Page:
How to Measure Anything
This open research into agile cadences and technical debt was performed in early 2015 until under the title “2015 Q1 Agile State of the Art Survey”. The survey
was announced in my Twitter feed, and several LinkedIn discussion forums (Disciplined Agile Delivery, Agile and Lean Software Development, Agile CMMI, and Scrum Practitioners ).

The Survey Results

Some findings include:

  • Figure 1 shows that two-thirds of agile teams have a two week iteration length.
  • Figure 2 shows that the majority of agile teams release internally, into either a demo or a testing environment, at least once an iteration.
  • Figure 3 shows that half of agile teams release into production at least once a month.
  • Figure 4 depicts the prevalence of technical debt avoidance strategies being taken by agile teams.
  • Figure 5 depicts the prevalence of technical debt removal strategies being taken by agile teams.
  • Figure 6 depicts the prevalence of technical debt funding strategies being taken by agile teams.
  • Figure 7 explores how aware of technical debt issues are certain groups within an organization.


Figure 1. Iteration lengths on agile teams.


Figure 2. Iternal release cadences on agile teams.


Figure 3. Production release cadences on agile teams.


Figure 4. Technical debt avoidance strategies.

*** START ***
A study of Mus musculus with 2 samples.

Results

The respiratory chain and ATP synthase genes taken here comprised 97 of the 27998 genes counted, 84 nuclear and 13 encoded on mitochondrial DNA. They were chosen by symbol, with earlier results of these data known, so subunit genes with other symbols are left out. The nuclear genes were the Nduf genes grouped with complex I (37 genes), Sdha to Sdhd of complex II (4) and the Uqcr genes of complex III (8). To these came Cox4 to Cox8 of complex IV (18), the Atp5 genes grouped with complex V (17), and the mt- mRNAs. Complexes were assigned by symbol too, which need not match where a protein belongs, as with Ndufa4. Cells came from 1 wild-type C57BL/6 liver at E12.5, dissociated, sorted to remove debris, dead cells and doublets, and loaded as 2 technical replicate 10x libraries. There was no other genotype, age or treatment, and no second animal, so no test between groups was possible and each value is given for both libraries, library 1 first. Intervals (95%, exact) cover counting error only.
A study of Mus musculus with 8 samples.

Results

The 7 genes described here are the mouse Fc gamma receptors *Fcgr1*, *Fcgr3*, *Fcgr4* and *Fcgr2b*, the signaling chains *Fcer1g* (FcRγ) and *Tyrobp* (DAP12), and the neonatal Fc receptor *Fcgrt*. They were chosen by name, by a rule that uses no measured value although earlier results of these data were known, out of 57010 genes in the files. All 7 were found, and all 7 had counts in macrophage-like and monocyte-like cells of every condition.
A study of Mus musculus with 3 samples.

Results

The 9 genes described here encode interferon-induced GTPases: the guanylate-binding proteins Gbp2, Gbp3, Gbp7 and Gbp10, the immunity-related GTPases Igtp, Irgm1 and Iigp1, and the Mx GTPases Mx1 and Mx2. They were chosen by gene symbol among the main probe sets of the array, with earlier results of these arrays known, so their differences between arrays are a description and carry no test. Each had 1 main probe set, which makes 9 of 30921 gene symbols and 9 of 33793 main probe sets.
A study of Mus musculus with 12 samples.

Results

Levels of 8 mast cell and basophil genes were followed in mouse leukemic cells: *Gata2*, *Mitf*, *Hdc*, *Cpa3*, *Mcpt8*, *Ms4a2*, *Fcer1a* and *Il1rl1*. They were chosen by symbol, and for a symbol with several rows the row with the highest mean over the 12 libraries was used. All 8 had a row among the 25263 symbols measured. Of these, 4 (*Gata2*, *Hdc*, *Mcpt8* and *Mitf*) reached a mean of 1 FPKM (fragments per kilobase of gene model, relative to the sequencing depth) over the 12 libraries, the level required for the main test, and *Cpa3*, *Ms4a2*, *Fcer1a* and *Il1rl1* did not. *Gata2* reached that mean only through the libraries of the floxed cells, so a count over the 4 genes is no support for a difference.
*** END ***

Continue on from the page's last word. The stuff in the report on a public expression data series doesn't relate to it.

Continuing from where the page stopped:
Figure 5. Technical debt removal strategies.


Figure 6. Technical debt funding strategies.


Figure 7. Technical debt awareness.



The Survey Questions

Raw Data

Summary Presentation


What You May Do With This Information

You may use this data as you see fit, but may not sell it in whole or in part. You may publish summaries of the findings, but if you do so you must reference the survey accordingly (include the name and the URL to this page). Feel free to contact me with questions. Better yet, if you publish, please let me know so I can link to your work.


Discussion of the Results

  1. This survey suffers from the fundamental challenges faced by all surveys.


Links to Other Articles/Surveys

  1. My other surveys


Why Share This Much Information?

I’m sharing the results, and in particular the source data, of my surveys for several reasons:

  1. Other people can do a much better job of analysis than I can. If they publish online, I am more than happy to include links to their articles/papers.
  2. Once I’ve published my column summarizing the data in DDJ, I really don’t have any reason not to share the information.
  3. Too many traditionalists out there like to use the “where’s the proof” question as an excuse not to adopt agile techniques. By
    providing some evidence that a wide range of organizations seem to be adopting these techniques maybe we can get them to rethink things a bit.
  4. I think that it’s a good thing to do and I invite others to do the same.